Benford’s Law Begins Everything

The paragraph I chose comes in after Maxine finished a conversation with friends about beanie babies in the end of chapter 4. The book suddenly transitions from this simple topic to a serious discussion on Benford’s Law:

Though it’s been around in some form for a century and more, Benford’s Law as a fraud examiner’s tool is only beginning to surface in the literature. The idea is, somebody wants to phony up a list of numbers but gets too cute about randomizing it. They assume that the first digits, 1 through 9, are all going to be evenly distributed, so that each one will turn up 11% of the time. Eleven and change. But in fact, for most lists of numbers, the distribution of first digits is not linear but logarithmic. About 30% of the time, the first digit actually turns out to be a 1—then 17.5% it’ll be a 2, so forth, dropping off in a curve to only 4.6% when you get to” (P40).

This paragraph jump from small talk ended in chapter 4 to serious fact in the beginning of chapter 5 is startling. Pynchon included this paragraph to let the readers to understand Benford’s Law and the following suspicious activities in hashlingrz finance. It sets the stage for the rest of the novel. This gave Maxine more credibility and made her a more interesting and dynamic character. Also, Pynchon includes the paragraph to create a paradox between high finance and computer science in order to make Maxine stand out as a main character.

To begin with my argument, I want to say that as a fan of detective loves, this passage interested me in informing me new mathematical law. Although this helps show that Pynchon is polymeric, in the paragraph the usage of scientific facts is a typical method used in detective novels. It provides readers with facts that are beyond general knowledge. One of the well-known examples as we discussed in class is Conan Doyle’s Sherlock Holmes. But unlike Detective Sherlock, Maxine is a fraud investigator. She has to know Benford’s Law in order to do her work. I think Pynchon provides this paragraph of description of Benford’s Law create a professional image of Maxine. Since other characters around her have more skill with technology, so providing such detail helped to enrich Maxine’s character. Besides, the main theme of this novel is to critique the 20th century technology. This playful excerpt creates a contradiction between real world and the virtual world: her knowledge is based on real data calculation, while Eric and her children are master in the virtual world. Pynchon attempted to create a paradox of high finance and computer science to make the characters in this novel as interesting as they could be.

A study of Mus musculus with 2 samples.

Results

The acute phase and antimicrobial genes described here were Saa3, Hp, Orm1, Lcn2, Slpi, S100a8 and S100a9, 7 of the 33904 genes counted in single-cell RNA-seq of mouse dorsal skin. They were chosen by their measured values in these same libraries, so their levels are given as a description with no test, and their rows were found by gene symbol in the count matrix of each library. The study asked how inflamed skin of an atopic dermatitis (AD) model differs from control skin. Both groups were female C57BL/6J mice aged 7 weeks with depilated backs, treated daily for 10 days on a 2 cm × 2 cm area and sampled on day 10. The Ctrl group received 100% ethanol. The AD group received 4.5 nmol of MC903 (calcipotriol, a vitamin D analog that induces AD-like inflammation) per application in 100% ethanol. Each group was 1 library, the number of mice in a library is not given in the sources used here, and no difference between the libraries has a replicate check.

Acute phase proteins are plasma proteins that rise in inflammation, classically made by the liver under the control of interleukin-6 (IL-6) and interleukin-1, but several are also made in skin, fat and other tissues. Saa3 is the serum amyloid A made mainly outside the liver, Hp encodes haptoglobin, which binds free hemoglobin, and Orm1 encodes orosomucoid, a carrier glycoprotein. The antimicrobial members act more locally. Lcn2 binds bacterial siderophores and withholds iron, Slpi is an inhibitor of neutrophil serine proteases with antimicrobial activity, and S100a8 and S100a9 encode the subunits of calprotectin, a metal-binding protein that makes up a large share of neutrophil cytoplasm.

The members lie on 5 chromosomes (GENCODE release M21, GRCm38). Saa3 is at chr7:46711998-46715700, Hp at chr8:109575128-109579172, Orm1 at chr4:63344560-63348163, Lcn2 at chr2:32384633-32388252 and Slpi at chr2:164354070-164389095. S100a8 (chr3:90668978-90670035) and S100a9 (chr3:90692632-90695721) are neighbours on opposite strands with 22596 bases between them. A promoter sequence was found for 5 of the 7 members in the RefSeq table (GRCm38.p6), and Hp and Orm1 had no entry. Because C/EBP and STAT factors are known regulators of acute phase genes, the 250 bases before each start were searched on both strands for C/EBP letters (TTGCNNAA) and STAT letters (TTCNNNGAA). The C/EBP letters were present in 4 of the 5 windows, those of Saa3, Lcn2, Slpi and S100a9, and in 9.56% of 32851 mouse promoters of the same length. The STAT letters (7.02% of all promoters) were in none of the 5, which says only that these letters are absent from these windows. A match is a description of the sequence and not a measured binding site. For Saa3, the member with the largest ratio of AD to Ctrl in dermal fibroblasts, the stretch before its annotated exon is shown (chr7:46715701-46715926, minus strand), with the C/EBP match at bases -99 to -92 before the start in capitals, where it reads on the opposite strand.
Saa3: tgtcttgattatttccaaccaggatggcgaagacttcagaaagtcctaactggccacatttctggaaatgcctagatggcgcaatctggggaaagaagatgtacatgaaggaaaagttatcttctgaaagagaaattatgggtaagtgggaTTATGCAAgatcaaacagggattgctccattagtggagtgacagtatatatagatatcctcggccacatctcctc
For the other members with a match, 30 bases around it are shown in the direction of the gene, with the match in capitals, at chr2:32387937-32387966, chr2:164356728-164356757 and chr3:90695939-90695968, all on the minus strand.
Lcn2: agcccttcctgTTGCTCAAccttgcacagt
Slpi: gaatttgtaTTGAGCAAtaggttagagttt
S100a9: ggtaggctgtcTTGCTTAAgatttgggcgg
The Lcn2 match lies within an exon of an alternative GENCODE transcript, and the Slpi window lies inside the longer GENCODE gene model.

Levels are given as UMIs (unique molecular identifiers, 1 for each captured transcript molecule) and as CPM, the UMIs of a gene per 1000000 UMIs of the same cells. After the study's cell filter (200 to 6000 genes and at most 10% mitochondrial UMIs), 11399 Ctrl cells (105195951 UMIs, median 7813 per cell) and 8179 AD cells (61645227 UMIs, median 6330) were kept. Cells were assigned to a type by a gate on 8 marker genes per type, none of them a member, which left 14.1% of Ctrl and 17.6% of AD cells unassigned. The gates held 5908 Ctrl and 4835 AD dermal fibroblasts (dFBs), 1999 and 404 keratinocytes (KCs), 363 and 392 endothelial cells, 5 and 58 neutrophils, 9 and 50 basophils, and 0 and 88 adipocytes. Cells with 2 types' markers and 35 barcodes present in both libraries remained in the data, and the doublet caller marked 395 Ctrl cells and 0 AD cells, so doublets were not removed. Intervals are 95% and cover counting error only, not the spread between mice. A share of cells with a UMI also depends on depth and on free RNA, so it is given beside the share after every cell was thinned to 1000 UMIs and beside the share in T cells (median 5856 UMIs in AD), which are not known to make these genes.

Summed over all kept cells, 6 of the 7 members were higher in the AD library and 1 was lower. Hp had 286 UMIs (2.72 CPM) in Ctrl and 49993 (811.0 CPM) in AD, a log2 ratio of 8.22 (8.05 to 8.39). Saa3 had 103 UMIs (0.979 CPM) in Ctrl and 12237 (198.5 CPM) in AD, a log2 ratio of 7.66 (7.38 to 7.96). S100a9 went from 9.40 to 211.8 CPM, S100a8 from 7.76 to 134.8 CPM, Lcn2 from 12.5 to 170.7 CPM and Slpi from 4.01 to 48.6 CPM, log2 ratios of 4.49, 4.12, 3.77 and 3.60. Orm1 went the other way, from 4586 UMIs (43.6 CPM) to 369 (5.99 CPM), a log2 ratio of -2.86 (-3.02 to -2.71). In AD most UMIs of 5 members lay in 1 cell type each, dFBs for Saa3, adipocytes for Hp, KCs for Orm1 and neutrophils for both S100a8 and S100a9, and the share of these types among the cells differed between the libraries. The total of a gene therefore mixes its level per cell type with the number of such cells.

Pynchon used the cool Benford’s Law to open the case of hashlingrz, this show the important of data in this novel too. Maxine used a simple, but very cool tool to figure the hiding truth of hashlingrz’s book, however, the investigation becomes gradually more and more complicated and mysterious, which just show the characteristic of internet. In web’s world, to normal civilians, internet is just a simple and harmless tool, but for hackers and experienced people there are more than normal people know in the deep web.

Although this paragraph is not describing any big event going on in the novel, I still find it is important to the structure of the novel. This paragraph in the beginning of the chapter five is kind of the real start of the whole story, the story before is just bedding for Maxine’s investigating this suspicious company and discovering in the virtual world.


  1. pittpanther22 says:

    I really like how you briefly brought up the whole Beanie Baby topic, after I ready that section of the text I paused and had a “what did I just read” moment. I am almost frustrated with this part of the chapter though, does it hold a more significant meaning? Or was Pynchon just attempting to have a lighthearted moment before he dove into a more dense topic? I feel as though part of Pynchon’s attempt was to humanize Maxine and Vyrva, and make you establish that they share these simplistic memories, despite the fact that characters (such as Maxine), are extremely complex.


    I enjoyed how you looked at the mathematical aspects of Thomas Pynchon’s work rather than the Deep Archer aspect of the novel. You are arguing how the law helps to flesh out Maxine as a character, but could it also be taken that it Maxine more mathematical and logical? Math is a rigid and precise topic, often times seen as emotionless. Could this be applied to Maxine as well?